The numbers are daunting: 650,000 pounds of food, 55,000 toys, 8,600 turkeys and $3.08-million in cash.
That's what Metropolitan Ministries needs this holiday season to help 7,800 families with 9,100 children in the Tampa Bay area.
With the recent downturn in the economy and increase in unemployment, demand could easily be 12 percent to 15 percent higher than projected, ministry president Morris Hintzman said.
The ministry got the food and toy drive under way Monday with the opening of its new 15,000-square-foot Holiday Tent. Despite the bleak economic projections, Hintzman expected a good year for donations.
The initial surge was promising, and Hintzman felt people were still eager to help out their community in light of the attacks that began Sept. 11.
"The recent tragedies have brought people together," he said. "This is a good way to help out."
Ideally, Hintzman said, people who want to help will expand their efforts. He encouraged potential donors to organize smaller food drives in their neighborhoods, companies and churches and then deliver the goods to the ministry's tent.
"We will accept and appreciate any size donation," Hintzman said. "But the idea is to turn three or four cans of food, into three or four hundred cans."
Volunteer Syndi Williamson remained optimistic that the lofty goals could be met. A teacher at Blake High School, Williamson brought about 30 students from the school's Anchor Club on Monday to help sort donations in the Mrs. Claus Pantry and move boxes to the Elf Assembly Line.
While students in the service club received credit for the volunteer hours, they also gain a better understanding of a segment of the community that they may not have known much about, Williamson said.
"I think some will be disappointed to leave when the day is over," said Williamson, who has volunteered for four years at the food drive. "I think it shows how much people are still willing to help even when things aren't so good."
Marianne McDaniel, one of about 3,000 who will volunteer over the next few weeks, helped out for one day last year. This year, she plans on spending six days.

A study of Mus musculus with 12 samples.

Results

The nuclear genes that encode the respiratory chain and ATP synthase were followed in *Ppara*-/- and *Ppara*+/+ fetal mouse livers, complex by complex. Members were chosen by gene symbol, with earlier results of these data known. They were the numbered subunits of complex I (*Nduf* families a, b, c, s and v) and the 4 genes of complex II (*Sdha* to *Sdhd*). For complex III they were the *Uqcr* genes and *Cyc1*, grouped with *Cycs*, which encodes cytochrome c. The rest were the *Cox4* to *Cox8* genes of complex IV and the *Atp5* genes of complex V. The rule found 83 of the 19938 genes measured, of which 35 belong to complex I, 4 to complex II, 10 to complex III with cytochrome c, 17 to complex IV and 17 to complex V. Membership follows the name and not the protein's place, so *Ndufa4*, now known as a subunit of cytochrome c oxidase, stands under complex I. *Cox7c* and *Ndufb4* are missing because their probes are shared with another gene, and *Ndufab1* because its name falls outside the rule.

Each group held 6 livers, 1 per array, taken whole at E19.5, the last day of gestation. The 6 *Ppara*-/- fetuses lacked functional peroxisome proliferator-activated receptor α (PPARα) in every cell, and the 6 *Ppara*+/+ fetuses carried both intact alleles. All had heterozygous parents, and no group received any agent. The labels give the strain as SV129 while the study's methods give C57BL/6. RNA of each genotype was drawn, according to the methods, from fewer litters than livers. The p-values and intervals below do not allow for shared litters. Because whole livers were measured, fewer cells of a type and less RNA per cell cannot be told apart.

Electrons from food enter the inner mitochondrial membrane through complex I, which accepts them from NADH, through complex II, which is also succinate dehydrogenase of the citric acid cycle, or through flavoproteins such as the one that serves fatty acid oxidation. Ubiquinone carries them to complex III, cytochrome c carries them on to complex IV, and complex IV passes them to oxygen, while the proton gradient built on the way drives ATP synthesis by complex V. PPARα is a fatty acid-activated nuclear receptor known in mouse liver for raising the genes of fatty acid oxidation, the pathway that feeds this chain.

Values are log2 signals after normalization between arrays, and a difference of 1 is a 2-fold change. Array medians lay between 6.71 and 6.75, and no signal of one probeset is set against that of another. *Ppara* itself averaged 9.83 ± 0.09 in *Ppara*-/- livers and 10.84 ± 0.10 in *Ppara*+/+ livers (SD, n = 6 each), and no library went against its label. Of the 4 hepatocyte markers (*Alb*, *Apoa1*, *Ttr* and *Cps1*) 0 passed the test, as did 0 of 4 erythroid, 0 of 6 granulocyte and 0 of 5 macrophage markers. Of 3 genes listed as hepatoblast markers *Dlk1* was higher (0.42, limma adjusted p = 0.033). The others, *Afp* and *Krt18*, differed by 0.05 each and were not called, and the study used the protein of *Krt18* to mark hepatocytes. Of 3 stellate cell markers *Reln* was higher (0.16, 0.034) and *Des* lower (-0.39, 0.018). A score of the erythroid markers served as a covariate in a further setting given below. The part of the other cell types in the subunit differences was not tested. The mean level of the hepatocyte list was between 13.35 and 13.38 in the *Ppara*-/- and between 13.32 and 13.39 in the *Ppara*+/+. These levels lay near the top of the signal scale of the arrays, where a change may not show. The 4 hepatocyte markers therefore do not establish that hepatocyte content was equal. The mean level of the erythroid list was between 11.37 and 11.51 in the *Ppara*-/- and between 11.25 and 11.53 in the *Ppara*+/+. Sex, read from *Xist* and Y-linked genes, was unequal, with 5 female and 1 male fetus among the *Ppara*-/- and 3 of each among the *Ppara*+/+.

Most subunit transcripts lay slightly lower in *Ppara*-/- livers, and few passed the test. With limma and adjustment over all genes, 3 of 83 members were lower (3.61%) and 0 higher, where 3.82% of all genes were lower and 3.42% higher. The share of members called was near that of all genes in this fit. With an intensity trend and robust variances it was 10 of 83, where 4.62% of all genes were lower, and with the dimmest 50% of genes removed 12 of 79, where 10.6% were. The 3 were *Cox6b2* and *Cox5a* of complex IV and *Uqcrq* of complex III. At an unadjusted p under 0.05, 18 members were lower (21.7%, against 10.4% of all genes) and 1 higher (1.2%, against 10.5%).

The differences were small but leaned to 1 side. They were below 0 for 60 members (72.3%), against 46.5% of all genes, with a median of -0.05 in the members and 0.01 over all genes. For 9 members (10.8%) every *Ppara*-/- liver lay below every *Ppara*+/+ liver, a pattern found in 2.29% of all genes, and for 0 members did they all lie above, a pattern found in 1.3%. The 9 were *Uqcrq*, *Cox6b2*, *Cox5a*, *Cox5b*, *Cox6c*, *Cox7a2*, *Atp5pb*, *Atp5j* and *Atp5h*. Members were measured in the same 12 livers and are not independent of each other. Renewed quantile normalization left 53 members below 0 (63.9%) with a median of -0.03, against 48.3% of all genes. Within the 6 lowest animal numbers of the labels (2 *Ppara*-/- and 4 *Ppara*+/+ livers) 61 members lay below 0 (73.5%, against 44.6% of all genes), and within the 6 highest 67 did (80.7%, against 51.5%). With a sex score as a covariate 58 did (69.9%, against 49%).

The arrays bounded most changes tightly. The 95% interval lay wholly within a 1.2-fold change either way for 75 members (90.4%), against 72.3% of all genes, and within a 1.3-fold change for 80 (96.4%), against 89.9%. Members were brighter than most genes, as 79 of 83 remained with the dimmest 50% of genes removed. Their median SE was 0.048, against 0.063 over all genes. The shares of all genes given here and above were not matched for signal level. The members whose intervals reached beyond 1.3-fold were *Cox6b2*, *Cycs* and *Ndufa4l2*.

"Everyone's hunting for a way to connect to their community," said McDaniel, who moved to Tampa last year when her husband, Randall McDaniel, joined the Tampa Bay Buccaneers' offensive line. "Whether they volunteer or donate some food, this helps people fulfill that need."
Food and toys can be dropped off at the tent at 2002 N Florida Ave., a half mile north of downtown Tampa. The tent is open for donations every day until Nov. 21 and reopens for the Christmas drive on Dec. 10. The ministry also accepts monetary donations online at www.metromin.org.
Families in need must register in advance. They can begin picking up food boxes on Sunday. Each food box contains a turkey, stuffing, potatoes, rice, desserts, bread and many canned goods.
The ministry is also hosting a number of events during the next several weeks to help raise money and awareness about feeding the hungry. The first of these is a dinner tonight at which Unilever/Best Foods and Albertson's will feed 400 homeless people who live at the ministry.
_ Contact Graham Brink at (813) 226-3365 or brinksptimes.com.
How to help
People in Pinellas, Hillsborough and Pasco counties can call a local hotline to find a place nearby to receive help. The number connects callers to social service agencies. It is also for people with time, materials or money on their hands looking for a place to donate.
Pinellas and Hillsborough:
Pasco: Call (727) 869-6677 or 1-800-848-5542.